With unusually hot weather in the UK this week, it is timely to look at remedies which can help with the down side of sun exposure.
Excessive sun exposure and extreme temperatures (not necessarily from being out in the sun) can both cause problems, and these can be especially marked in those with a chronic susceptibility to problems with heat and sunlight.
In a hot environment, we are usually able to regulate body temperature efficiently by diverting blood supply to the extremities and skin, and by sweating. If we do not take steps to stay cool and hydrated, excessive sweating can result in loss of fluids and mineral salts, and this can lead eventually to heat exhaustion, a serious condition with other symptoms including confusion, dizziness, muscle cramps, nausea and weakness. Unaddressed, this can progress to heat stroke (or sun stroke) which is a medical emergency associated with high environmental temperature and an inability to regulate body temperature. Seek medical advice without delay if you are concerned for someone in hot weather conditions, and carry out the following measures also:
- Move the individual to a cool, shady area.
- Cool them down, using a fan and cool compresses or tepid sponging to head and torso.
- Remove layers of clothing to promote heat loss (do not wet the clothes or wrap them in wet towels as this can insulate the body and increase their temperature).
- Provide cool – but not icy cold – drinks. Large quantities of cold water can cause stomach cramps or shock. Sips of cool water are better.
Alongside basic first aid measures, if you or a family member suffer from the bad effects of sun exposure or high temperatures, consider the following remedies which may help where the symptom picture fits:
Belladonna is a useful remedy for sunburn and sun headaches. There may be burning heat of skin, with swelling and tenderness. Headaches are typically throbbing or pulsating, right sided and frontal. In heat exhaustion the person may be delirious.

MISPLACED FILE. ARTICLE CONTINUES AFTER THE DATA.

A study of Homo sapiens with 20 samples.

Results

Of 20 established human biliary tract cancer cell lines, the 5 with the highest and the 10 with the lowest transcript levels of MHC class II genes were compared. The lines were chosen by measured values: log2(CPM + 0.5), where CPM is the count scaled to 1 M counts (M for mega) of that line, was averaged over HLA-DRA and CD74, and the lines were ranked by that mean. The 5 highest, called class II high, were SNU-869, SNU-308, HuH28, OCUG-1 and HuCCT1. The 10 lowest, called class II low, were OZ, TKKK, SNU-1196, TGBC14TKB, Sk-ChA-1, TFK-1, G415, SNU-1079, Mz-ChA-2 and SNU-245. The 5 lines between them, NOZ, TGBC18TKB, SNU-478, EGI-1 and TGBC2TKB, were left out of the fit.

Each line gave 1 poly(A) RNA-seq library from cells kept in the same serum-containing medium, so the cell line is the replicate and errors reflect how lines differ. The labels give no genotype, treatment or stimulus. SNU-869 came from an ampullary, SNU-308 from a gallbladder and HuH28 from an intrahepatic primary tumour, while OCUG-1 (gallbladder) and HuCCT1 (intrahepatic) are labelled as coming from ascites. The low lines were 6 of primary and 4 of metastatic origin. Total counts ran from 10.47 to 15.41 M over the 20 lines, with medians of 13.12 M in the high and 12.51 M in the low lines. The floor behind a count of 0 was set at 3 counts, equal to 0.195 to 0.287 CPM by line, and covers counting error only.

Sol is a good remedy choice for general symptoms associated with sun exposure, including mild sunburn, sun headache, painful and watering eyes and skin eruptions. It has also been used successfully by professional homeopaths in the treatment of chronic health problems including winter depression.
Calendula can be used topically in cases of superficial burn and sunburn. It eases soreness and promotes healing. A lotion can be made up using one teaspoon of Calendula tincture to a quarter pint (about 150ml) of cool boiled water.
Carbo veg is a useful remedy where heat exposure leads to great exhaustion and weakness, with faintness and a marked desire to be fanned.
Glonoine is one of the first remedies to consider in suspected heat exhaustion or heat stroke. Symptoms typically include burning heat of the body with pale face, and the sensation of heat may occur in waves rushing upwards. Pulsating headaches are also typical, and breathing may be laboured. Seek urgent medical help – you can give one or more remedies on the way.
Lachesis is a very useful remedy for sun headaches, where the symptoms are predominantly left sided, and worse after sleep. The face is typically flushed, and the pains throbbing or bursting.
And finally Natrum carb is one of the main remedies which is indicated in constitutional care for those who have chronic problems with sun exposure, including recurrent problems with headache on exposure to the sun. Individuals who would benefit from Natrum carb feel generally worse for the sun, and from getting too hot. There are a number of possible remedies which can reduce susceptibility to sun-related headaches, and a homeopath will look at the whole picture of your health and circumstances to choose a medicine which is tailor made for you.